The post-Zuccotti era of Occupy Wall Street began for Max Berger just after 1 a.m. on November 15, when he learned via text message that a forcible eviction of the park was close at hand. At 26, Berger is a redheaded Reed College alum and professional activist; his employers have included the Progressive Change Campaign Committee and Van Jones’s outfit, Rebuild the Dream. By hard-core standards, he had come late to the OWS action, not visiting the park until a week after the protest got going on September 17. But Berger found himself sucked in and became one of its central players. Now, with Zuccotti under siege, he raced to the park and fired off a series of frantic tweets—before being put in handcuffs. “People singing Marley!” “Press not being let in. This is gonna be some Tiananmen shit.” “They can take this park, but they can’t stop this movement. This will backfire. We will win.”
Berger’s optimism was shared by his OWS cohorts. Upset as the organizers were about losing the symbolic value of the encampment at Zuccotti, the way it happened—in a late-night raid by police in riot gear, with reporters denied access and even arrested—had its own symbolic oomph. The organizers thought, too, that the eviction would confer another benefit: catalyzing turnout for the next major OWS demonstration, which was scheduled to take place two days later. And although the “day of action” on November 17 failed to shutter the stock exchange, the demo’s marquee goal, the show of force in Gotham was impressive—and replicated on a smaller scale in cities around the country.
When histories of Occupy Wall Street are written, those days in November will no doubt be seen as a watershed. In just two months of existence, OWS had scored plenty of victories: spreading from New York to more than 900 cities worldwide; introducing to the vernacular a potent catchphrase, “We are the 99 percent”; injecting into the national conversation the topic of income inequality. But OWS had also suffered setbacks. The less savory aspects of the occupations had provided the right with fuel for feral slander (Drudge: “Death, Disease Plague ‘Occupy’ Protests”) and casual caricature. Even among some protesters, there was a sense that stagnation had set in. Then came the Zuccotti clampdown—and the popular perception that it meant the end of OWS.
It’s perfectly possible that this perception will be borne out, that the raucous events of November 17 were the last gasps of a rigor-mortizing rebellion. But no one seriously involved in OWS buys a word of it. What they believe instead is that, after a brief period of retrenchment, the protests will be back even bigger and with a vengeance in the spring—when, with the unfurling of the presidential election, the whole world will be watching. Among Occupy’s organizers, there is fervid talk about occupying both the Democratic and Republican conventions. About occupying the National Mall in Washington, D.C. About, in effect, transforming 2012 into 1968 redux.
The people plotting these maneuvers are the leaders of OWS. Now, you may have heard that Occupy is a leaderless uprising. Its participants, and even the leaders themselves, are at pains to make this claim. But having spent the past month immersed in their world, I can report that a cadre of prime movers—strategists, tacticians, and logisticians; media gurus, technologists, and grand theorists—has emerged as essential to guiding OWS. For some, Occupy is an extension of years of activism; for others, their first insurrectionist rodeo. But they are now united by a single purpose: turning OWS from a brief shining moment into a bona fide movement.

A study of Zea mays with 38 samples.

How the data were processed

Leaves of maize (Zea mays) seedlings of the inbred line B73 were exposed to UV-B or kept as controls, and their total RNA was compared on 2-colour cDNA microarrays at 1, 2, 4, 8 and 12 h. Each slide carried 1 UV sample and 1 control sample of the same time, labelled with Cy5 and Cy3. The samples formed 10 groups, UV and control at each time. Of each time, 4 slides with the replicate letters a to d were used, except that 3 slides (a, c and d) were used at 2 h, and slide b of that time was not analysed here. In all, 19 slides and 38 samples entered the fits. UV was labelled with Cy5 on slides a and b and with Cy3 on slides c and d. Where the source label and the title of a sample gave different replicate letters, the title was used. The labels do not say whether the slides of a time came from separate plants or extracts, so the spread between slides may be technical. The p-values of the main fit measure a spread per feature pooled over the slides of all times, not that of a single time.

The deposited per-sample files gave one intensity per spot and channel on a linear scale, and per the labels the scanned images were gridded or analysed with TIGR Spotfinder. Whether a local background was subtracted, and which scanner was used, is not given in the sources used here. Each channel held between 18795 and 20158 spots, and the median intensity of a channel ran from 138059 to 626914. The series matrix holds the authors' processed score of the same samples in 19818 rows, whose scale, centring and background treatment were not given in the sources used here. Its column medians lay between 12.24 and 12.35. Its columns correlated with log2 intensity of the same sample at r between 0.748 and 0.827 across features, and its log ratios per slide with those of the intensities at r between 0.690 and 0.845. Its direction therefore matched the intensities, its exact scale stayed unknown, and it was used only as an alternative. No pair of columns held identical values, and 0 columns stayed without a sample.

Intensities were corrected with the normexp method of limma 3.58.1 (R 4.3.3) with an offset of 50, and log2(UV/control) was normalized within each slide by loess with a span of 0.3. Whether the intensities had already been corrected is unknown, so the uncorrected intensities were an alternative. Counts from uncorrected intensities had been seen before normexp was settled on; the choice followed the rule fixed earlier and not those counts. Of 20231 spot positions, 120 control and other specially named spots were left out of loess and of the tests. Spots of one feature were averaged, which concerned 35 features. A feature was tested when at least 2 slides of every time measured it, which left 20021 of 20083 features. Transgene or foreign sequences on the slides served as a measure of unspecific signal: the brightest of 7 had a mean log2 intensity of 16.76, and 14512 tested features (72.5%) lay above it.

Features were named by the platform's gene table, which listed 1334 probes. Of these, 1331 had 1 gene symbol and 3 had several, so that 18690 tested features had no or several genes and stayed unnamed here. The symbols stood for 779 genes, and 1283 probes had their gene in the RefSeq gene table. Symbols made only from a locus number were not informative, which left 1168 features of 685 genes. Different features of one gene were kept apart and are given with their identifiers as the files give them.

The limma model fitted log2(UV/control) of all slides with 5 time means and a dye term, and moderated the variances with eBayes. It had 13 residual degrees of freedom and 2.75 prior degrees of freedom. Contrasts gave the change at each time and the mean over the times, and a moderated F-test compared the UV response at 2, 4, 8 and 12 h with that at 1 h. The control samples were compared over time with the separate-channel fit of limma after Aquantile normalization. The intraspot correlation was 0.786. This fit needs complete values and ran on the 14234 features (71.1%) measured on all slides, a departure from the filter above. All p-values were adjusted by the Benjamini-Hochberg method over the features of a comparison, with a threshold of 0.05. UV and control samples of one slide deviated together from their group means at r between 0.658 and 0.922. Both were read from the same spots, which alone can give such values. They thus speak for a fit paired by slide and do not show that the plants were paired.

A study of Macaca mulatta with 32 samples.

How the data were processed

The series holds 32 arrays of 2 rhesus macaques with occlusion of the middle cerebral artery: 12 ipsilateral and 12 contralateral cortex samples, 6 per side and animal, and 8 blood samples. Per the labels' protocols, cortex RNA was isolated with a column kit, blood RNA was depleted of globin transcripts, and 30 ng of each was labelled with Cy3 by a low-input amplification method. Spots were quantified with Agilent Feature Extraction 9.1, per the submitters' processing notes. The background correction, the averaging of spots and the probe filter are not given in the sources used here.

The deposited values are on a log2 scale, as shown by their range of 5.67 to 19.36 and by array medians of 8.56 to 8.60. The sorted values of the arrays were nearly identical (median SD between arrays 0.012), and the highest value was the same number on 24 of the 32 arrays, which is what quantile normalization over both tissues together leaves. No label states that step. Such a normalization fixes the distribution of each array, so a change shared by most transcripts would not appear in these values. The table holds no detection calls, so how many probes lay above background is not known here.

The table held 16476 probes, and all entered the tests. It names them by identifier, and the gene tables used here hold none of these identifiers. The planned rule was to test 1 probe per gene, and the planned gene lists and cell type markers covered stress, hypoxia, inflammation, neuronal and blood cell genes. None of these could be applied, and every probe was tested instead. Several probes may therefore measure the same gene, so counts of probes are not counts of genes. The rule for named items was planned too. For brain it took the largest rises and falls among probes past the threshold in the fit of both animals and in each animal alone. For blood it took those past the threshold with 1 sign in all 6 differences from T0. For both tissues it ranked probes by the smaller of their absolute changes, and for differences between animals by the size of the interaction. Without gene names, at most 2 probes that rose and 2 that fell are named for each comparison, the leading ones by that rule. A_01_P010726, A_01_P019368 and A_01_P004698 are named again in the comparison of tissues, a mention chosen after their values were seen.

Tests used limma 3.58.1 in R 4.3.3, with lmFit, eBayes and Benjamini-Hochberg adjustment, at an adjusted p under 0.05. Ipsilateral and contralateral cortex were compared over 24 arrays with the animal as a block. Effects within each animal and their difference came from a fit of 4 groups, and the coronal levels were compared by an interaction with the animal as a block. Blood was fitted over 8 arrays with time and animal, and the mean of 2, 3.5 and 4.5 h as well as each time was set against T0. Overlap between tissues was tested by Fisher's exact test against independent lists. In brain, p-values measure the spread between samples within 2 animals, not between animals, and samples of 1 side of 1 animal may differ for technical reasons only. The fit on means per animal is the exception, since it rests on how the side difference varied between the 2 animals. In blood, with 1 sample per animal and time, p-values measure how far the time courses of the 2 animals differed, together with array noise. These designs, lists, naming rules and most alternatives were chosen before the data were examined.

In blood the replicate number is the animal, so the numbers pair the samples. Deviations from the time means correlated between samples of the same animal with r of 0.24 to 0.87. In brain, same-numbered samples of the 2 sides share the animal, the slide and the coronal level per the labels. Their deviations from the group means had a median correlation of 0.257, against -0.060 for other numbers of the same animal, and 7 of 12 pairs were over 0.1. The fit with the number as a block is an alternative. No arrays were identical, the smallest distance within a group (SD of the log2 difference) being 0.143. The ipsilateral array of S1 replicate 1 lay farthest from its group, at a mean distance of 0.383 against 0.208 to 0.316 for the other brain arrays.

That none of these people has yet become the face of OWS—its Tom Hayden or Mark Rudd, its Stokely Carmichael or H. Rap Brown—owes something to its newness. But it is also due to the way that Occupy operates. Since the sixties, starting with the backlash within the New Left against those same celebrities, the political counterculture has been ruled by loosey-goosey, bottom-up organizational precepts: horizontal and decentralized structures, an antipathy to hierarchy, a fetish for consensus. And this is true in spades of OWS. In such an environment, formal claims to leadership are invariably and forcefully rejected, leaving the processes for accomplishing anything in a state of near chaos, while at the same time opening the door to (indeed compelling) ad hoc reins-taking by those with the force of personality to gain ratification for their ideas about how to proceed. “In reality,” says Yotam Marom, one of the key OWS organizers, “movements like this are most conducive to being led by people already most conditioned to lead.”
And so in coffee shops and borrowed conference rooms around the city, far from the sound and fury in the park and on the streets, the prime movers have been doing just that—meeting, planning, talking (and talking) about the future of OWS. The debates between them have been fierce. Tensions have been laid bare, factions fomented, and ideological cleavages exposed—all of it a familiar recapitulation of the growing pains experienced by protesters of the past, from those in favor of civil rights and against the Vietnam War in the sixties to those fighting for workers’ rights in the thirties.